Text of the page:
My Reading Workflow & How To Get Twitter Names In Feedly Retweets

I love reading short writings. From ebooks to blogs, they are perfect for my attention span and don’t require a large investment from me on the front in (shameless plug: pick up my ebook The Productive Pastor!).

For the last 6 years or so, I’ve tweaked the way I’ve consumed online content. I’ve kind of shifted and transitioned my reading flow using different tools (still mourning Google Reader!!) and apps. Over the years, I’ve come to a pretty decent and fluid setup that works across all of my devices. I can do this on my Mac, iPhone, and iPad (my preferred device to read with).

So, borrowing a little idea from The Productivityist himself, here’s my reading workflow…


Unread is an RSS reader app for iOS. It’s well done. Even after it was sold, it’s continued to be well done and improved. For the backend of this, I use Feedly to sync my feeds. I understand people with issues with feedly, but it works and it’s free (I know, I know).

As I’m making my way through Unread, I’ll save articles to Pocket that I want to read later. If I’m not in a hurry, I’ll read a few while in Unread, but many of them make it to Pocket.

Note: on Mac, I use the feedly website. I’ve never found a Mac reader that I liked. I have an IFTTT recipe that allows me to save an article in feedly and it sends it to Pocket.

IFTTT Recipe: If saved for later in feedly, send to pocket connects feedly to pocket

News 360

News 360 is a great discovery app for new articles. When you first open or signup (signup not required) you get to choose what kinds of feeds you want to follow and it pulls in those topics from across the web. It learns your likes and dislikes based on a thumbs up or down after reading an article.

It has sync across iOS devices. Many of the articles that I thumbs up in News 360 I do so based on the title because most of the articles I read from News 360 are sent to Pocket as well. This allows me to quickly flip through News 360 but read most of my content from one place.


Pocket houses so many things from across the web and looks good doing it. With it’s minimalistic UI, it’s a joy to read through articles in it. Sometimes my pocket can have 50 articles, but I try to clean it out weekly (sometimes just deleting unwanted saves).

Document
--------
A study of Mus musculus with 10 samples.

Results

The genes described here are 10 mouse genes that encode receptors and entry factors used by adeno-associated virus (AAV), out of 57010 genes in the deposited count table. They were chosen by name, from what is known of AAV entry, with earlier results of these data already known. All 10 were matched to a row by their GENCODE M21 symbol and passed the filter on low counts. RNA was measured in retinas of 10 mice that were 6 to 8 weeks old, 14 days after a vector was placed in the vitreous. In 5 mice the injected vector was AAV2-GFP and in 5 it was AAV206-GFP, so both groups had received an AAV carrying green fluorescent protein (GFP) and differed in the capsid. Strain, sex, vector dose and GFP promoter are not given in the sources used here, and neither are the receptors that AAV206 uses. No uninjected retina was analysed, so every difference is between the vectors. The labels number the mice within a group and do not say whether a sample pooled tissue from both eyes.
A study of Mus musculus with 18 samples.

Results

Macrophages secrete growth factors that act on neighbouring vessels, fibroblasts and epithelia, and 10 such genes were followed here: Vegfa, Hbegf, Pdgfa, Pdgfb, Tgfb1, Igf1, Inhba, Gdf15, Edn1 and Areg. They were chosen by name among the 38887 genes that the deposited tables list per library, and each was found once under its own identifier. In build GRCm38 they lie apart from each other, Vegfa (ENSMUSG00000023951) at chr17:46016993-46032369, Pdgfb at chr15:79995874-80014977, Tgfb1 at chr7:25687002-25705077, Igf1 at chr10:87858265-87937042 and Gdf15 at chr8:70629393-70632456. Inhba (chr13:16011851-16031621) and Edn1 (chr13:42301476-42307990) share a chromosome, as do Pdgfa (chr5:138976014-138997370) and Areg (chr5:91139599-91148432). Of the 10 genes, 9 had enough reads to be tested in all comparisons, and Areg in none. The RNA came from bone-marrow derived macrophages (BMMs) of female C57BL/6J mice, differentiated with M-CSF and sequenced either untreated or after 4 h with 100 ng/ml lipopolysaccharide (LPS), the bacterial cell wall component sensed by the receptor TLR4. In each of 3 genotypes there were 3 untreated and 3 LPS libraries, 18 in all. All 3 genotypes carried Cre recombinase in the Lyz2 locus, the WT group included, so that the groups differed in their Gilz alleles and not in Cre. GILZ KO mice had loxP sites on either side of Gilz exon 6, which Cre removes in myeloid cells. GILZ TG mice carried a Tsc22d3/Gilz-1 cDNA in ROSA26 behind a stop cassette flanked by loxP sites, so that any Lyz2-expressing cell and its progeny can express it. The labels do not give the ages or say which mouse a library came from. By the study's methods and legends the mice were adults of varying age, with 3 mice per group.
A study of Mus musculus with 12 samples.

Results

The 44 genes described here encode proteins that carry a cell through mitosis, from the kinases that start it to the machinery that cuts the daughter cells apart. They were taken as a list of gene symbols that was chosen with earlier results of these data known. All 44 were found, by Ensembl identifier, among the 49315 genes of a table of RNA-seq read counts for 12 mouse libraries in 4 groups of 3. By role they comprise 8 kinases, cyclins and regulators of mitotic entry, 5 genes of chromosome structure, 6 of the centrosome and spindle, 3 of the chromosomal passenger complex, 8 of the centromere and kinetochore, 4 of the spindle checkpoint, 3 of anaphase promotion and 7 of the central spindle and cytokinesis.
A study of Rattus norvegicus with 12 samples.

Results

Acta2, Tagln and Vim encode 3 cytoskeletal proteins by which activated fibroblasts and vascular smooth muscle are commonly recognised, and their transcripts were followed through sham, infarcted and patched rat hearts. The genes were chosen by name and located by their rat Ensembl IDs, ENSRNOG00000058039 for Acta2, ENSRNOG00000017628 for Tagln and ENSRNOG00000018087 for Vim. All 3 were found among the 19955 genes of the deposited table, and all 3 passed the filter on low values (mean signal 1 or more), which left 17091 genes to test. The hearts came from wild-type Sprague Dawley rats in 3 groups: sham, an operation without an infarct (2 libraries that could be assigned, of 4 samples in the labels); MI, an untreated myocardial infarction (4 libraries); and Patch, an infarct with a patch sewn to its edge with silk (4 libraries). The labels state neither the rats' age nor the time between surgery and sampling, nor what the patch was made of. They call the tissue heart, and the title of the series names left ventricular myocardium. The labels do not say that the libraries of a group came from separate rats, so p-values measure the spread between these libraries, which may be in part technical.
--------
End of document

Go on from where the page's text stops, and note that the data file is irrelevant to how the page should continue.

If I read it in Pocket and I want to keep it, I’ll send it to Evernote. Using an IFTTT recipe, If it strikes something in me that I think could make a blog post later, I can tag it with “blog” and it goes to my Evernote blog idea notebook. If it’s something that I want to do something with later or it triggers something I need to do, I favorite and it goes into my links project in todoist. Most articles just get archived from Pocket, though. 

IFTTT Recipe: Evernote tag in Pocket, Send to EN connects pocket to evernoteIFTTT Recipe: Favorite in Pocket, Create task in ToDoist connects pocket to todoist


I have several notebooks for things clipped off the web in my Evernote. For example, I have a notebook for Leadership, Health, Productivity, Social Media, Tech, and Spiritual. When an article feels timeless and worth saving, I’ll save it into its appropriate notebook. Sometimes I pull these up using Evernote’s search function and sometimes I never touch them again. That’s the great thing about Evernote, though, you can keep it “just in case.”

And a tip for you feedly users…

One of the things that bugs me when I’m in my reader or on the online version of feedly is that RT’s do not include @ usernames of their author. I solved that about a year ago. Here’s how from the online version of feedly…

Find the feed that you regularly retweet (I used mine for the example) :-)

And then click the gear icon in the top right corner.

Screen Shot 2015-05-18 at 1.21.53 PM

Once you open up this window, click the “edit Subscription” text to move into edit mode.


Lastly, highlight the title of the feed and delete it. Paste the author’s twitter name (@ symbol included) into the Title field.


Click update.

There you go. The next time you go to tweet an article (because it puts the feed name in the tweet), you’ll see the author’s twitter name in it.


  1. Thank you for sharing these ideas! I’m trying to get a grasp on a reading workflow that is productive for me. Some of these tools will work for me, others won’t (Android user) but your method makes sense and I can get some ideas together. Very much appreciate your article!